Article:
After working on some small jobs, it was time to move on to something a little more complicated. In fact, I wasn't even sure how this part of the project was going to go. It was time to attack the chassis. As you are well aware of by now, the bottom 12" of this car was complete mush... so what did that mean exactly for the floors, tunnel and frame head? It was time to find out.
With a project this size, it's important to only look at each small job that needed doing. The first step here would be to cut out the old rusty floor pans and then clean up as much of the support metal as possible. This would include the frame head, Napoleon hat and tunnel. Once that was done the chassis could be looked at and assessed to see what we had to work with. My buddies were happy to use the angle grinder to cut out the bulk of the floor pans. We made sure to leave enough space between the tunnel and the edge of the floor pan so we would not damage the lip of the tunnel.
Once the majority of the metal was removed from the floor pan we could remove the rest of the metal that was spot welded to the tunnel with an air chisel. It didn't take too long to break through the welds and clear out the remaining metal that once made up the edge of the floor pan on this 1302 Super Beetle. The last step in this initial stage was to use a wire wheel on the entire tunnel and Napoleon hat to clean things up as much as possible.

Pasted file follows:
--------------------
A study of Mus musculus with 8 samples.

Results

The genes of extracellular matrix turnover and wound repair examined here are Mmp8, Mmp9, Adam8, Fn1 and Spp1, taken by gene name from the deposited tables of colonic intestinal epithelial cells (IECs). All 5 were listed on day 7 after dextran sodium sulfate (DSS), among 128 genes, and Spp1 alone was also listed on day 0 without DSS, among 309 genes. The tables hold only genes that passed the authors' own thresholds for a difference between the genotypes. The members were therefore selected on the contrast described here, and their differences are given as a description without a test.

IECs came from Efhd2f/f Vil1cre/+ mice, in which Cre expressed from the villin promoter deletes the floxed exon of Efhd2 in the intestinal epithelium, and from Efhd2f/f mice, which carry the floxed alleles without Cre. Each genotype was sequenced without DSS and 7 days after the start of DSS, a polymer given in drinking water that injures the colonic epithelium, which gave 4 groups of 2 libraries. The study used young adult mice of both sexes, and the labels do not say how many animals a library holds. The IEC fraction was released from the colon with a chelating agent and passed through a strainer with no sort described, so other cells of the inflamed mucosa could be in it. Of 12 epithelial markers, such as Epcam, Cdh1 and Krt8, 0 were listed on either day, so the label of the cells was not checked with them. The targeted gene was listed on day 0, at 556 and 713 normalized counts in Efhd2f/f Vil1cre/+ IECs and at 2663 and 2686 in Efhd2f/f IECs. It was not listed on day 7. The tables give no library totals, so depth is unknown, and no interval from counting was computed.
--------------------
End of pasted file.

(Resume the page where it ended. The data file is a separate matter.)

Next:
We worked on the right side of the chassis first, then repeated the process on the left side... Cutting out the bulk of the floor pan, using an air chisel to break the spot welds, and finally cleaning everything up with a wire wheel. Everything was looking good but I was a little stumped on one section. The rear of the pan is welded to a hunk of steel that is connected to the rear torsion bar housing. This odd hunk of steel is a brace that holds the outside rear section of the floor pan in place and adds a lot of strength. It was hard to tell what I hat to cut away. I wasn't sure what metal was considered part of the floor pan, and what was part of the brace. After doing some research online I came to the realization that the brace was only a few inches wide with a heavy weld. So as long as I carefully cleared away any thin metal and left a solid steel brace that was several inches wide I would be good to go!
With the top portion of the runnel looking pretty good it was time to see what the bottom side. Now that's a whole other story so I will discuss that in another post.